By Leann Reynolds
What exactly do the kidneys do?
The kidneys help the body maintain homeostasis by filtering out waste products, balancing electrolyte levels, controlling blood pressure, and stimulating the production of red blood cells. According to the National Kidney Foundation, kidneys filter about 200 quarts of fluid each day, removing about two quarts (in the form of urine) and returning an astounding 198 clean, filtered quarts to vital body systems. When kidneys fail, the body's fluids are no longer filtered effectively, which results in a damaging build-up of toxins.
How dangerous is kidney failure?
Although medical tests must be done to confirm damaged kidneys, family care givers should be on the lookout for signs and symptoms of failing kidneys. Left untreated, kidney failure can lead to reduced cognitive function, congestive heart failure, coma, and even death. High blood pressure, blood in the urine, more frequent, painful or difficult urination, puffiness around the eyes, and swelling of the feet and hands are all warning signs, according to the National Kidney Foundation. While some of these symptoms may not be blaring or overly apparent right away, it's important that you consult a doctor if your loved one is experiencing any of the above problems.
When is dialysis an option?
If your loved one has been diagnosed with kidney failure, it's essential to prevent any further damage as soon as possible - so typically, dialysis or kidney transplant are the only (or best) options. Dialysis is given to patients in all stages of kidney failure, and the sooner it begins, the better the outcome. Dialysis is a medical treatment that makes up for decreased kidney function by filtering toxins out of the body, maintaining a safe level of chemicals and proteins in the bloodstream, and helping control blood pressure, notes the National Kidney Foundation.
Dialysis can be done either at a medical facility or at home (depending on what method of dialysis is needed), and is necessary multiple times each week, for multiple hours at a time. Dialysis is a physically and emotionally taxing process - for both the patient and their family care giver - and is usually necessary for the duration of a person's life, unless kidney transplant is an option.
What other changes can we expect?
If you or someone you love is living with decreased kidney function, your doctor will most likely prescribe medications and recommend dietary and lifestyle changes. Prescriptions may include phosphorous-lowering medications, blood pressure medications, iron supplements, and medications used to stimulate red blood cell production. It's imperative to help your loved one carefully follow any medication schedules or supplement routines to avoid further complications.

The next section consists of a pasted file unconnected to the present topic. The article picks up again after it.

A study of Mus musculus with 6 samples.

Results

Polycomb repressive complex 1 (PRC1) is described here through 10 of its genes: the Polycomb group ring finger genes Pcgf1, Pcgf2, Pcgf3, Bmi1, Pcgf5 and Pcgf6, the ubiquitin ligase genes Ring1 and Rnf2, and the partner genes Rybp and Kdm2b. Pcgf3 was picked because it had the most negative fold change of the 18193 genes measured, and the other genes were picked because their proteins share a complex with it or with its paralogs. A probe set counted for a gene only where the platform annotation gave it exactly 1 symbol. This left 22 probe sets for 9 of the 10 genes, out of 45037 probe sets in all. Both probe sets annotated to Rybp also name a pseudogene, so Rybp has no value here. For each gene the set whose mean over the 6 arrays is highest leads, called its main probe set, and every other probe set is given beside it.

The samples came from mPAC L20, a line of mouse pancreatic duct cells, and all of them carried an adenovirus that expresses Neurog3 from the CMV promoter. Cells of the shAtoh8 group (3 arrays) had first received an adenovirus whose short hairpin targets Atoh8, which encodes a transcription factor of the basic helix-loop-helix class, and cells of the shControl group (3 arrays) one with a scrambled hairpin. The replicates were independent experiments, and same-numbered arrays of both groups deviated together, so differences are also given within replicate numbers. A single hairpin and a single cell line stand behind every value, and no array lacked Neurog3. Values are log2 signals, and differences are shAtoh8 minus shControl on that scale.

Maintaining a healthy diet is also essential in keeping kidney function optimal. Since the kidneys are the body's filters, limiting foods high in salt, phosphorous and potassium, such as bananas (and other fruits), poultry, wheat products, nuts, pre-packaged meals, and other processed foods can help. It's also important to moderate fluid intake so that excess fluid isn't trapped in the body, with nowhere to go.
Can I prevent kidney failure?
Individuals with diabetes, hypertension and heart disease have an elevated chance of suffering from kidney failure, so if you or your loved one suffer from any of these, it's important to monitor the disease and commit to maintaining overall health. Following strict dietary guidelines specific to each condition, engaging in routine physical exercise, and looking after medication routines are all essential to the prevention of kidney failure, and a host of other complications.
Is supplemental home care an option?
In home caregivers are specially trained to support those living with kidney failure and their families. Professional in home caregivers can assist with proper dietary implementation and meal preparation, monitor edema (build-up of excess fluids in the body), provide personal care, give medication reminders, support dialysis therapies, and assist in transplant recovery.
Homewatch CareGivers is the largest, most experienced international provider of full-service in-home care for people of all ages - including seniors, children, veterans, the chronically ill, and those recovering from medical procedures. We invite you to visit the Homewatch CareGivers website where you can read articles related to home health, Dementia Care Tips and home care news; or download PDF home care resources. From health care coordination and hospital discharge planning to home care transportation and daily living assistance, let our family of caregivers care for yours.